Right-wing groups and supporters of U.S. President Donald Trump lambasted former Vice President Joe Biden after he welcomed the endorsement of the left-wing Jewish group J Street over the weekend.
Biden said that he was “honored” to receive the support of the leading left-wing Jewish group, and that he shared J Street's “unyielding dedication to the survival and security of Israel.”
Trump’s supporters are now criticizing Biden - the presumptive Democratic presidential nominee who is almost certainly going to face off against Trump in the November election - for his embrace of the group’s support.
Biden spoke at several J Street gatherings when he was Vice President in the Obama administration, but he also has strong ties to AIPAC, the leading pro-Israeli lobby group that J Street has been challenging from the left for more than a decade, and has also spoken often at AIPAC’s annual conferences.
The pro-Trump website Breitbart devoted an article over the weekend to J Street’s endorsement and Biden’s positive response to it. The headline described J Street as “Soros-backed Israel critics,” referring to the Jewish billionaire George Soros who has been attacked by right-wing pundits and leaders for donating to organizations that promote democracy and liberal values.
The article also described J Street as “hostile to Israel,” and criticized the group for opposing Trump’s decision to move the U.S. embassy in the country to Jerusalem.
At last year’s J Street conference, Senator Bernie Sanders – who until recently was Biden’s main competitor for the Democratic presidential nomination – made headlines by calling to use U.S. military aid to Israel as “leverage” in order to change Israel’s policy on settlements in the occupied West Bank.
Other Democratic candidates who appeared before the conference were asked about the issue by two former Obama White House aides, Ben Rhodes and Tommy Vietor.
Biden, who did not speak at the conference, distanced himself from the idea and attacked Sanders for promoting it. He said that it was wrong to suggest limiting aid to Israel, explaining that “I have been on the record from very early on opposing the settlements, and I think it’s a mistake. But the idea that we would draw military assistance from Israel, on the condition that they change a specific policy, I find to be absolutely outrageous.”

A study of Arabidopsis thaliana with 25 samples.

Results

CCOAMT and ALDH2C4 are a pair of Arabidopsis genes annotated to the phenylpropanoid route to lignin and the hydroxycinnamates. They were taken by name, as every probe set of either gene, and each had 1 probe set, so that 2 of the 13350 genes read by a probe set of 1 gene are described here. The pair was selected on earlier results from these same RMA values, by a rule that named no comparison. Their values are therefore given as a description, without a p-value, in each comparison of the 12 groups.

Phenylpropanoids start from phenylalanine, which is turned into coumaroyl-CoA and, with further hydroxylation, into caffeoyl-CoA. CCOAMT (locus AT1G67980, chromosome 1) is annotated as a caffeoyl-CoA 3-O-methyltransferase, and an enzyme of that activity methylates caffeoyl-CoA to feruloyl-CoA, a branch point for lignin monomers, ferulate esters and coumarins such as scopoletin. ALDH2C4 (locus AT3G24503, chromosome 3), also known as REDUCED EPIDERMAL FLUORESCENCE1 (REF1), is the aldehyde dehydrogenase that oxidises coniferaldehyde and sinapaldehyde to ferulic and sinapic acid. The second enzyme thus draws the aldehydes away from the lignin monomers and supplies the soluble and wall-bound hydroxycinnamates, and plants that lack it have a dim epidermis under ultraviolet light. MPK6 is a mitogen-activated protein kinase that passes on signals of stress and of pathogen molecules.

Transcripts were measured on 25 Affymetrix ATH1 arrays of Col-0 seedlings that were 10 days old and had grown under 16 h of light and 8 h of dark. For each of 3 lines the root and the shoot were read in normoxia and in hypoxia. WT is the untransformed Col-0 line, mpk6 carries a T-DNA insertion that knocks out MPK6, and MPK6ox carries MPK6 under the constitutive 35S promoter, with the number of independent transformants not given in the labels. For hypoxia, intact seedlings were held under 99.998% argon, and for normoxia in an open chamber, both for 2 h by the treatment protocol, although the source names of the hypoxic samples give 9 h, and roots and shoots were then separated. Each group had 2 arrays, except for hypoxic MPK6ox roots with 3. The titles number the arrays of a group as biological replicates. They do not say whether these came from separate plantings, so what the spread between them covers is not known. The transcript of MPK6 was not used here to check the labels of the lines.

Biden’s more centrist and supportive views regarding Israel were used often during the Democratic primary to highlight Sanders’ more radical suggestions, especially when supporters of Trump thought that Sanders would end up being the nominee.
A month and a half ago, when Sanders was still looking like a viable candidate and Biden was struggling in the first states that held a vote, Sanders’ decision to boycott the annual AIPAC conference was contrasted by Biden’s decision to send a video message to the conference, in which he expressed support and appreciation for AIPAC’s work over the years.
Now, however, with Biden being the de-facto nominee, attacks from the right using Israel as the battering ram are directed at him. The Republican Jewish Coalition is also leveled J Street’s endorsement against Biden, and so is right-wing pundit Caroline Glick, who wrote on Twitter that following Biden’s embrace of the group’s endorsement,“the Democratic Party has officially become an anti-Israeli party.”
Biden faced similar criticism during the 2012 election when Obama was running for re-election. The campaign of that year’s Republican nominee, Mitt Romney, tried to portray Obama as hostile to Israel in the hope of getting a larger share of the Jewish vote, after 78% of U.S. Jewish voters supported Obama in 2008. At the 2012 vice presidential debate, when the issue of Israel was discussed, Biden said that he had been a friend of Prime Minister Benjamin Netanyahu “for 39 years” and that Republican attempts to attack Obama over Israel were “a bunch of stuff.”
When he was asked what that meant, he replied: “Well, it means it’s simply inaccurate. It’s an Irish thing. We Irish call it malarkey.”
In the primary against Sanders, supporters of the Vermont Senator criticized Biden for being too supportive of Israel, in their view, and specifically for his close relationship with AIPAC over the years. In his video address to AIPAC this year, Biden expressed support for Israel, but also cautioned that “Israel has to stop the threats of annexation. To be frank, those moves are taking Israel further from its democratic values, undermining support for Israel in the United States, especially among young people of both political parties. That’s dangerous. We can’t let that happen.”
His position on annexation is contrary to that of the Trump administration, which has signaled several times that it will support widespread Israel annexation in the West Bank.
A move by the next Israeli government to implement such a policy in the months before the U.S. election, would guarantee that Israel will remain a political wedge issue in the fight over the White House.